Gardens and grow-your-own at Nostell

Nostell's kitchen gardener harvesting strawberries

You'll find a rich variety of landscapes and wildlife in the gardens at Nostell. Here are some top tips of things to look out for as you explore each one.

Just so you know...

This article was created before the coronavirus crisis, and may not reflect the current situation. Please check our homepage for the most up to date information about visiting.

Kitchen Garden

The recently created Kitchen Garden is located behind the Orangery and consists of an orchard newly planted with historic Yorkshire apple trees, vegetable patches, a herbaceous border and bright flowers planted to attract pollenating insects.

The vegetables grown are true to those available in the 1700s and 1800s, including onions, lettuce, tomatoes and 19 varieties of rhubarb. Mark, the Kitchen Gardener, nurtures and harvests the produce to be used by the food and beverage team in the dishes you’ll find in the Courtyard Café. As you enjoy the scents and colours of this varied garden, don’t miss the 100 metre stretch of white flowering iceberg roses.

Menagerie Garden

If you follow the winding paths beyond the Middle Lake, you’ll find the secluded Menagerie Garden, created in 1743. The Menagerie House, designed by Robert Adam, was once home to exotic species, from monkeys and colourful birds to lions. In fact a recently discovered poster from 1812 boasts that Nostell’s ‘black-eyed lioness’ featured in a fair held in the local town, Pontefract. The story goes that once the clock struck 4pm each day, she became completely unmanageable!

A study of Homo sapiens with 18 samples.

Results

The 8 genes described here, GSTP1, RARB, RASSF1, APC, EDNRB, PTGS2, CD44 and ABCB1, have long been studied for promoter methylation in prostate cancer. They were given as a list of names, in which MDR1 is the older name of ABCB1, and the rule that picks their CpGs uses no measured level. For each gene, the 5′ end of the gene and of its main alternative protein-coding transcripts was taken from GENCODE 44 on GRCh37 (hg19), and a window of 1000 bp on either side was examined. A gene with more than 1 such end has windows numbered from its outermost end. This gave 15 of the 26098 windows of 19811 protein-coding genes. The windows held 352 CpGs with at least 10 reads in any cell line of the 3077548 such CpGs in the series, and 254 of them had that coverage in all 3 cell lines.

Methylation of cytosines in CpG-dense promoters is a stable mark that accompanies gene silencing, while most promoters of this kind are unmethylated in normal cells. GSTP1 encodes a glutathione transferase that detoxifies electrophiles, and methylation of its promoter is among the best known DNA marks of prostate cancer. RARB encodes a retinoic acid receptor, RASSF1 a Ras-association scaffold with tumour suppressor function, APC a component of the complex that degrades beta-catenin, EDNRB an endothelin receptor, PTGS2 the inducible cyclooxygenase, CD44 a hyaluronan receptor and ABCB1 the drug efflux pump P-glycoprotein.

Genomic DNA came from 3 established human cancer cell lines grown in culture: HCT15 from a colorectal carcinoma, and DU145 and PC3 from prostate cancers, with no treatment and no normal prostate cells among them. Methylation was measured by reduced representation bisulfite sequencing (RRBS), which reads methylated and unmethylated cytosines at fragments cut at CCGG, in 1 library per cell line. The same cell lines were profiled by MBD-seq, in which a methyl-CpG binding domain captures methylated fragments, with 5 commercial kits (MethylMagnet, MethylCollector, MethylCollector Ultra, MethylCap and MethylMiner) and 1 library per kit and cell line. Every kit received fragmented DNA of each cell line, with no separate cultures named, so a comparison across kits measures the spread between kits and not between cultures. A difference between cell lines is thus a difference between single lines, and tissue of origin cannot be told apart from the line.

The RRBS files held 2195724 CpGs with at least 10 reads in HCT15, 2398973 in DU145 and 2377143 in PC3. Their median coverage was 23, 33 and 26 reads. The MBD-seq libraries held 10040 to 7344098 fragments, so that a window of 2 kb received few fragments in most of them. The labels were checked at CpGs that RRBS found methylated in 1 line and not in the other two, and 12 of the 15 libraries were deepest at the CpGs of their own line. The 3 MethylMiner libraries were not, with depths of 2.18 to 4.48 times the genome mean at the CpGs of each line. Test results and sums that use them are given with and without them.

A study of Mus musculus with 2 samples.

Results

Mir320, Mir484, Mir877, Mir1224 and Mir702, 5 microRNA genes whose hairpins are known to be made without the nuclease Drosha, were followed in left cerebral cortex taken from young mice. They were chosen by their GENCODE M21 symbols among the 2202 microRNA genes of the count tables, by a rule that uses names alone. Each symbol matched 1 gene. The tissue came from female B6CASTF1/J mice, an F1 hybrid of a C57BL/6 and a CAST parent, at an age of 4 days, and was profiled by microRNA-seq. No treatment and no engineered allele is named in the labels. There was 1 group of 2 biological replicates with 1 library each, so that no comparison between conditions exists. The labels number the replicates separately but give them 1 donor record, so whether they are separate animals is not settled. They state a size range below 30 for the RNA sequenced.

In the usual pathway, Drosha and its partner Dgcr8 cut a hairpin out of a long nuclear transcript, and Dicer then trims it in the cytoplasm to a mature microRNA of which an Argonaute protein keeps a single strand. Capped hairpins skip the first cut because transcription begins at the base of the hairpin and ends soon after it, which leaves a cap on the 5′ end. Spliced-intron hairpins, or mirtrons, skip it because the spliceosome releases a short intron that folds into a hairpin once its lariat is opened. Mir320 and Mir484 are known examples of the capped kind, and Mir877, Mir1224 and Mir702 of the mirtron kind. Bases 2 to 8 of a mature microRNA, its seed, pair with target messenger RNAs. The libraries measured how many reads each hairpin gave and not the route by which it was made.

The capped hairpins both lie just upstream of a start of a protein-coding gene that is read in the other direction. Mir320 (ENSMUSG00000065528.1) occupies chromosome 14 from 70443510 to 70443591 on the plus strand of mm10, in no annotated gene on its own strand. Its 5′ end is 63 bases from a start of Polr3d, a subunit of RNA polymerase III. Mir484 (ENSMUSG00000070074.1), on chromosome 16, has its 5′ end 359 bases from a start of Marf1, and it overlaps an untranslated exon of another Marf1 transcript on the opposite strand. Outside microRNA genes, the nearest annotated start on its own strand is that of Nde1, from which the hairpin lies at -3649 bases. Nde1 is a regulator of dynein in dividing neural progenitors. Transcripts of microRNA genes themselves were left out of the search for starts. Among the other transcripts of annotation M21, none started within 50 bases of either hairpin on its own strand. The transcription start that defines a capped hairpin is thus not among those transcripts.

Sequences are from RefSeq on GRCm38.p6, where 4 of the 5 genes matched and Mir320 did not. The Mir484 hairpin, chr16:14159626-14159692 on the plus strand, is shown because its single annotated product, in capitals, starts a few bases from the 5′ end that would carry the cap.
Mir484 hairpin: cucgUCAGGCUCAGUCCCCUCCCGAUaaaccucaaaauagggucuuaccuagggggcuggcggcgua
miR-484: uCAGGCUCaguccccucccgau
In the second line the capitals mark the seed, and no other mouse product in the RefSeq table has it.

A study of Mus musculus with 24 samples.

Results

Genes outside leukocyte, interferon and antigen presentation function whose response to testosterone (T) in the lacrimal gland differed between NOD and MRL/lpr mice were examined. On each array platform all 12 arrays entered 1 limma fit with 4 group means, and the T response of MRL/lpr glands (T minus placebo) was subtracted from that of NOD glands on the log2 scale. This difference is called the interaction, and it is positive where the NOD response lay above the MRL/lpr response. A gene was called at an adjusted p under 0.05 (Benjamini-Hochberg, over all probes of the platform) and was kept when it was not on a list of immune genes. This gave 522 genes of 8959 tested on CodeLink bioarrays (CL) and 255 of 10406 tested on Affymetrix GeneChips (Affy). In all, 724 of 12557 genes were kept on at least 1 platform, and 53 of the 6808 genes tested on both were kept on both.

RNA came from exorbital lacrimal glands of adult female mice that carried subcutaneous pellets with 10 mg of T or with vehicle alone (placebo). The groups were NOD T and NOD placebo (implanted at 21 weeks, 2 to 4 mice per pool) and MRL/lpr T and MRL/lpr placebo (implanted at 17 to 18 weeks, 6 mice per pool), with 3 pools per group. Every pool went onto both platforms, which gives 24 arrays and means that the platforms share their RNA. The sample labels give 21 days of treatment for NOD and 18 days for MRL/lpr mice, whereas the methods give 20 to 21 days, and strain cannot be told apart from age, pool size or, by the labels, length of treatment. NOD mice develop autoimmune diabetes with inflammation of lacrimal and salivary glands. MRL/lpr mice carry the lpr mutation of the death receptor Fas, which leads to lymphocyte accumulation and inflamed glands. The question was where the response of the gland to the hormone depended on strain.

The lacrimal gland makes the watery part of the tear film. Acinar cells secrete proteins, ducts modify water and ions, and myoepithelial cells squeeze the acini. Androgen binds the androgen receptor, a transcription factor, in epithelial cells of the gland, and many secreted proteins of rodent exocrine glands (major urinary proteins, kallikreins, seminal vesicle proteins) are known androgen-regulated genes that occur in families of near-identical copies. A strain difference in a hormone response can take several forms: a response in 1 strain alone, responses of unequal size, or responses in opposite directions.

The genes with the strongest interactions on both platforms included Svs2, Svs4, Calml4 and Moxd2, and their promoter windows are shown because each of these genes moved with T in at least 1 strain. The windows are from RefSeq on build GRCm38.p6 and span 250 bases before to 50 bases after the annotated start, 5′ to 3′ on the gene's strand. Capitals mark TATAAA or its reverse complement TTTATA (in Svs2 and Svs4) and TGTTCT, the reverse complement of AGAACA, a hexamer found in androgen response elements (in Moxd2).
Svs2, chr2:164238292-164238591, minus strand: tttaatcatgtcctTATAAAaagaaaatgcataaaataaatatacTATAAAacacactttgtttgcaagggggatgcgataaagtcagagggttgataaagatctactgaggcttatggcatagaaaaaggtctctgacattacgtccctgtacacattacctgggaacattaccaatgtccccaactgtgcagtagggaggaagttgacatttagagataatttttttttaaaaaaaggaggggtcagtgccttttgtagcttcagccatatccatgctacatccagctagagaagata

As you enter the garden through the gothic arch, look out for roosting bats at dusk and marvel at the great Holm Oak with it’s knarled trunk, which is home to a variety of birds, bugs and creepy crawlies.

Delight in summer colour as you explore the Pleasure Grounds
Azaleas at Nostell
Delight in summer colour as you explore the Pleasure Grounds

Pleasure grounds

Take in the varied landscape of the pleasure grounds, follow the circular path through the woodland of sweet chestnuts and oaks, making your way towards the Lower Lake. Bring your camera on a hazy summer's day, as the boat house and adjacent bridge are picture perfect. As you make your way back up to the Middle Lake, you'll see an impressive cascade flowing over the stone Druid's Bridge. The Pleaseure Grounds come to life in spring with daffodils, snowdrops, bluebells and foxgloves flowering March to June.


Keen nature spotters will not be disappointed as the woodland, lakes and surrounding areas are home to many species. Listen out for the woodpeckers, of which there are three varieties; green, lesser spotted and great. Also keep your eyes peeled for herons, swans and ducks as you walk along the lakeside paths, lucky visitors may even spot a resident kingfisher.

Look out for the residents of the Lower and Middle Lakes.
Swan with cygnets at Nostell near Wakefield.
Look out for the residents of the Lower and Middle Lakes.